NYSE American Marketplace Opens


Three, two, one. Liftoff – and the market has started.

The New York Stock Exchange officially opened its NYSE American exchange on Monday, July 24th. The exchange was formerly known as the NYSE MKT Exchange. The marquee feature of the new and rebranded American will be its 350-microsecond delay upon order entry, proprietary data and outbound routing. The market also will offer a Discretionary Pegged Order.

Thomas Farley, NYSE

Rival exchange IEX already incorporates a similar type delay mechanism and CHX is planning to do the same.

According to a release on the NYSE website, NYSE American will be a first-of-its-kind exchange that brings the strengths of NYSE’s features, such as electronic DMMs with quoting obligations assigned to each NYSE American listed company. NYSE American will also file rules with the SEC for new features that promote midpoint trading, including the 350 microsecond delay.

Said Tom Farley, NYSE President: “As U.S. equity markets have become increasingly complex due to fragmentation and dark pools, we are committed to providing listed companies, investors and market participants with more choice on how they list and trade with us in a way that best meets their needs. As we enter our 225th year as the global leader in trading and listings, we are continually evolving our markets to serve our customers in a very dynamic marketplace.”

Farley continued, “As we move through 2017 and begin offering these enhancements, NYSE Group will ultimately operate four distinct exchanges for issuers and investors, each with its own market model. We recognize certain market models are appropriate for ETFs or less liquid securities, and we are excited to provide our customers with more choice in how they list, invest and trade.”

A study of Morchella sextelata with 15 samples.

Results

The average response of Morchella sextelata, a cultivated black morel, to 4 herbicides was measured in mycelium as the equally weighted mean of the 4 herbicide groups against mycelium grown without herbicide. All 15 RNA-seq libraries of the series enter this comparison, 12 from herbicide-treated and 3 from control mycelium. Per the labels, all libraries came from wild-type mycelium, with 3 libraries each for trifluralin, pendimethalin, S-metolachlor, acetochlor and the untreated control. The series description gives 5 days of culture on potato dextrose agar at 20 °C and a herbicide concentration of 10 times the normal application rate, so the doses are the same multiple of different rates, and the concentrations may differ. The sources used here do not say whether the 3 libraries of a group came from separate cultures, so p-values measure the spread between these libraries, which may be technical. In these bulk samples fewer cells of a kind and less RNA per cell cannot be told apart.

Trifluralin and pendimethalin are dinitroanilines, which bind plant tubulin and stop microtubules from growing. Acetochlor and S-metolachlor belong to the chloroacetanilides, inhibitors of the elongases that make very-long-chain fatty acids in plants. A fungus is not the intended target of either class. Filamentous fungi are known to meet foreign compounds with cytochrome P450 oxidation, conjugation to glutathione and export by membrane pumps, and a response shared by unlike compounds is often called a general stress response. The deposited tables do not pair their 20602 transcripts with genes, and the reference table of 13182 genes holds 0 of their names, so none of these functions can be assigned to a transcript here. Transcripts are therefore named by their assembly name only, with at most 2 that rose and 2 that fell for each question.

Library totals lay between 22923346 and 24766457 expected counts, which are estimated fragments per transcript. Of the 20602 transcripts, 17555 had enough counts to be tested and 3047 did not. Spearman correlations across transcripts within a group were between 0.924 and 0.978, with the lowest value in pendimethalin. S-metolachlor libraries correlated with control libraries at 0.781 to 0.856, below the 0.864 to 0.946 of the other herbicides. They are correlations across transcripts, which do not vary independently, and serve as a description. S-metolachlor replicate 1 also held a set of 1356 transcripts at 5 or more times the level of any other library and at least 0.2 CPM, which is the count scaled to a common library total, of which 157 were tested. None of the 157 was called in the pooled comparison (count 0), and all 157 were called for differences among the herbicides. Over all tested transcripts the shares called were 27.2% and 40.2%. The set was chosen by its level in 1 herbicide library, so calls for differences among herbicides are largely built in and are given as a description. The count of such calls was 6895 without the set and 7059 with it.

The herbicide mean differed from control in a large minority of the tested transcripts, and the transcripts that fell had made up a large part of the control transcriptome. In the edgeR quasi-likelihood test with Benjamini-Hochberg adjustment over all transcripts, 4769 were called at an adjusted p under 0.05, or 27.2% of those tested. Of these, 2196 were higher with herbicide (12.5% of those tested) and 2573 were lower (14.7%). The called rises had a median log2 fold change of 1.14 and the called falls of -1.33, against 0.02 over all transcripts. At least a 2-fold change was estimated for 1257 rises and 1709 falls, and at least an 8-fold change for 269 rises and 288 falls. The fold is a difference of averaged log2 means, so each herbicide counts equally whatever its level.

Jonathan Clark, Luminex

In looking at NYSE American, Jonathan Clark, CEO of the buy-side only ATS Luminex, started by firms such as Fidelity, Black Rock and State Street, told Traders Magazine in an interview that he welcomed the new marketplace but it could take time for the buy-side, via its brokers, to connect and use the new exchange as well as measure its success.

“I was on the buy-side for 25 years – as a trader, managing desks – and I understand the knee-jerk reaction that some could have from a fragmentation point of view,” Clark began. “But this is a unique opportunity for innovation to solve a market problem. It’s interesting that NYSE was so skeptical of the IEX delay feature and has now come around to have their own latency model.”

It’s a case of ‘if you can’t beat them, join them’ mentality.

Clark added that this new market model – American – and other market-based solutions, rather than government mandated fixes, are best for the equities markets.

“The NYSE can now use one of its own exchanges as an incubator to test this solution,” Clark added. “The market will ultimately determine the success or failure of each, but they are technology-driven solutions to the challenges investors face – like Luminex itself was – which is a sign of a healthy market.”

But traders and market observers shouldn’t expect an instant and measurable indicator of NYSE American’s validity or performance.

“And we’re not talking about viewing stats at the end of the day, week or in a month,” Clark said. “I’m excited to see what happens, but it will take some time to see how the solution plays itself out.”